God at the Center
"But seek first his kingdom and his righteousness, and all these things shall be yours as well" (Mt 6:33). And "No one can serve two masters; for either he will hate the one and love the other, or he will be devoted to the one and despise the other. You cannot serve God and mammon" (Mt 6:24). These are two statements of Jesus give us a third reason to develop a stable prayer life - prayer centers our lives on God.
Our lives will only find their full balance and beauty when God is at the center of them. Faithfulness to prayer is what ensures that we give God center place concretely. Without fidelity to prayer, giving priority to God stands little chance of being more than a good intention or even an illusion. Our egos are always seeking to be the center of our lives, instead of the living God. We are battling a large number of different desires, demands, and fears. We have to struggle against our fallen human nature which tends to self-centeredness and pride. If we do enter into the battle against self by prayer, then we will find ourselves slowly detaching from our ego and re-centering our life on God. Everything else falls into place when God is at the center of our lives.
When we are at the center of our lives, we will tend to fall into extremes in our work, relationships, and every other reality. We will fall into coldness and negligence on one hand and dependency and unnecessary anguish on the other. For instance, if God is not at the center of a marriage than it can tend to be a zero-sum game. We want from the other the fulfillment of all our needs and wants. If we do not receive that fulfillment, then we tend to be angry or grow distant and cold. No one in this created world can satisfy all the desires of the heart. It is unfair to ask it of any person. In prayer, we begin to experience a healthy detachment from this false notion and to safeguard our inner freedom. Prayer leads us to freedom of heart - not expecting from others what they cannot possibly give us. Only God can fulfill us completely.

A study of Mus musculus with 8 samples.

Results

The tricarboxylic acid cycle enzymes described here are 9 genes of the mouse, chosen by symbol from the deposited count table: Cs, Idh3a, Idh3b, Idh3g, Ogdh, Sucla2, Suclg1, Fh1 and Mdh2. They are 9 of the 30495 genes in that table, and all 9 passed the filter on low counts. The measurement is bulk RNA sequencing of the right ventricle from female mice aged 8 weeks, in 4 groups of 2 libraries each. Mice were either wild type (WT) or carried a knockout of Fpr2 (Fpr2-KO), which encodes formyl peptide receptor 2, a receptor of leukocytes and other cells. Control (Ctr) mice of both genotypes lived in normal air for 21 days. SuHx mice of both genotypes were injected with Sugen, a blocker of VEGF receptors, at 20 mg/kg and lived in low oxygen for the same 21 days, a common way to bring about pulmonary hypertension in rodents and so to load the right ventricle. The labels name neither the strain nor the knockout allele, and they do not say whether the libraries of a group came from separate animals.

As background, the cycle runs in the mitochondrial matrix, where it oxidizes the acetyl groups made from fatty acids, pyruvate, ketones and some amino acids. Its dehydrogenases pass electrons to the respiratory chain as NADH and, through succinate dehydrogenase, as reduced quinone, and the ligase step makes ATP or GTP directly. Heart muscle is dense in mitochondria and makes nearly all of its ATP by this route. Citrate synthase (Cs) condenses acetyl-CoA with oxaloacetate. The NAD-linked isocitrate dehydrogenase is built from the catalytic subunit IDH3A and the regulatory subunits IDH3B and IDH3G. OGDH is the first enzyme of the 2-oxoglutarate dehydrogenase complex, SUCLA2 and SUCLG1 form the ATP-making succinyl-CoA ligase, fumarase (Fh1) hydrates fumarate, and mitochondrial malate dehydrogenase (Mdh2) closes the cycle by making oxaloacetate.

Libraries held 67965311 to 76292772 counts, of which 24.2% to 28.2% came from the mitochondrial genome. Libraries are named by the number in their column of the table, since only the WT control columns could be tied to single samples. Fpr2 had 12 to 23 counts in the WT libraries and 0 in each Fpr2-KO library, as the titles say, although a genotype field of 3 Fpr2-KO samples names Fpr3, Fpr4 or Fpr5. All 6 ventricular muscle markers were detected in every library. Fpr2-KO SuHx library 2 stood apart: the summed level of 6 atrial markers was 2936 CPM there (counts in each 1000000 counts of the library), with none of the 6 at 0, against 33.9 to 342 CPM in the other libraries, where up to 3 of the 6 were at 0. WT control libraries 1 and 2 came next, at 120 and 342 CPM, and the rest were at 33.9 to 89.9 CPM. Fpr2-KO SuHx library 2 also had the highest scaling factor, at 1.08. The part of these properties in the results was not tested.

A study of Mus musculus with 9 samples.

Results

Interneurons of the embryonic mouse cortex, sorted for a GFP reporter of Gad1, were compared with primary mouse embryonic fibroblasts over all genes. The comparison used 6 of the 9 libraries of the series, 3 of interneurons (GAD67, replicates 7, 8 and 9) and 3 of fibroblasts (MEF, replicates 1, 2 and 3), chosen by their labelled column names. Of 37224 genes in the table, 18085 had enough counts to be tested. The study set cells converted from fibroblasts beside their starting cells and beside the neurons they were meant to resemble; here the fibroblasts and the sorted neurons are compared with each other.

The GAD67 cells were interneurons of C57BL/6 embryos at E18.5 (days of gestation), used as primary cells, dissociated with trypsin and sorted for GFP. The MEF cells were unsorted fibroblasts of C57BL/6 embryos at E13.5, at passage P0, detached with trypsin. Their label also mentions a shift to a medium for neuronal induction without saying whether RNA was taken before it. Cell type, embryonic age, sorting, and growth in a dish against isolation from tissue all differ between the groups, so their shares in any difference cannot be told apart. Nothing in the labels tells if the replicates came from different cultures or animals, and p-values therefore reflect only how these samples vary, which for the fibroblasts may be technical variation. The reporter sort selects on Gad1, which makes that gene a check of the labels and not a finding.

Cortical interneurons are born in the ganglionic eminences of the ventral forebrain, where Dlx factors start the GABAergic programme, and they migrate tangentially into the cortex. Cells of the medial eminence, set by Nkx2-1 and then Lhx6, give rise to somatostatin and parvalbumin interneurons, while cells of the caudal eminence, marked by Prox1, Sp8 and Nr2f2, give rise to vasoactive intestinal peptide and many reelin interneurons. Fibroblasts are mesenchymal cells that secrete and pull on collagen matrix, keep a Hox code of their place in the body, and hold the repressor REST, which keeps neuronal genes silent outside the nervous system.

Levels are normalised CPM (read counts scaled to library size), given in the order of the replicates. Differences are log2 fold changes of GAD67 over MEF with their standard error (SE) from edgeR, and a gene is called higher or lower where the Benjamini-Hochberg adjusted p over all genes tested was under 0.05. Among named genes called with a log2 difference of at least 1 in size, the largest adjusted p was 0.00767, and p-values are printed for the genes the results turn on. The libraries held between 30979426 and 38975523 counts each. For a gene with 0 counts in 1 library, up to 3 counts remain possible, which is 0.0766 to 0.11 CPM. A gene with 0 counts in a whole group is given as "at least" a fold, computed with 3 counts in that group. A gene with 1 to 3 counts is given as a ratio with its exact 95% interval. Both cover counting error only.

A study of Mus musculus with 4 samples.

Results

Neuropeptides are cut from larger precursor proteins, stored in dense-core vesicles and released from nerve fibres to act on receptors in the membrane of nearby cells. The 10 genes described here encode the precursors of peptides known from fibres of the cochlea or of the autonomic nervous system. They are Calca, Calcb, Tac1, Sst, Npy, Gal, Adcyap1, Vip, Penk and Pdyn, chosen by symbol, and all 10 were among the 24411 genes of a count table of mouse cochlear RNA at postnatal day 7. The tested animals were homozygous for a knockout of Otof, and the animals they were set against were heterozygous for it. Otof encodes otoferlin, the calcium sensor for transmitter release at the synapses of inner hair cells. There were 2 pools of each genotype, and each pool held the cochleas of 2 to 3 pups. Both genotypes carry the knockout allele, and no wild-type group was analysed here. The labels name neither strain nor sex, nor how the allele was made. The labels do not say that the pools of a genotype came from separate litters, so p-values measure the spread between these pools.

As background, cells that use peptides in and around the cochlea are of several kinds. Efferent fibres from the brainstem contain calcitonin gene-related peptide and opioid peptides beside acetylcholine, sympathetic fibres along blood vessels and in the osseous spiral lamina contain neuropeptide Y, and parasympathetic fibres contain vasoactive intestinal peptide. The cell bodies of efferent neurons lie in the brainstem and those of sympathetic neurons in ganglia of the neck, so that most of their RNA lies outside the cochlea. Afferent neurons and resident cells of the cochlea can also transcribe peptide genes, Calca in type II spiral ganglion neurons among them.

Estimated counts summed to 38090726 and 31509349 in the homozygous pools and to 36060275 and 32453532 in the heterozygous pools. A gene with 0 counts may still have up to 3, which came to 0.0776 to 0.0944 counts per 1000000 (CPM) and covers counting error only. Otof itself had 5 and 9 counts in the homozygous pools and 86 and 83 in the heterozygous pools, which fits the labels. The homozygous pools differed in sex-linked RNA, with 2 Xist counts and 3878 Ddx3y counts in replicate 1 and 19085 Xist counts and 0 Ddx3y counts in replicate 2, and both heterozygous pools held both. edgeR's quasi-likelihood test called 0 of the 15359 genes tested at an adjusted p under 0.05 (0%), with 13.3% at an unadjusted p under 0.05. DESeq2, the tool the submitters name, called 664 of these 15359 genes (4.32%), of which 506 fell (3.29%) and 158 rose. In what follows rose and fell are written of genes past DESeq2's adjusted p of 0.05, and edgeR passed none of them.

The relationship established in prayer between God and ourselves becomes a foundation of rock in a world of sand (see Mt 7:26). It seems that in the world everything is changing so rapidly that there is no foundation on which to stand. We must seek an interior foundation in God through prayer. Prayer teaches us to sink our roots into God. Jesus tells us to "abide in his love" (Jn 15:9). God is the only one in which we can find strength and security, and this enables us to become firm supporters of those around us.
God is the source of all power. In the times we feel defeated by life, work, or relationships, God is the rock who gives us inner strength to continue to love Him and serve Him. We will all face times of weariness and trial. These are good because they remind us that we are poor and in need of God. In a life of prayer, we can trust that God will give us the strength and power to do His will - to love and serve Him and others. Prayer is essential for God to be the center of our lives. God desires this for us because He wants our good. God fills us with power and strength, becomes our rock in the midst of the storms of life, sets our hearts free to love rightly, and frees us of our selfishness to the extent that He is at the center of our lives, and this occurs through an ever-deepening life of prayer.
I am a Catholic priest writing about Catholic things.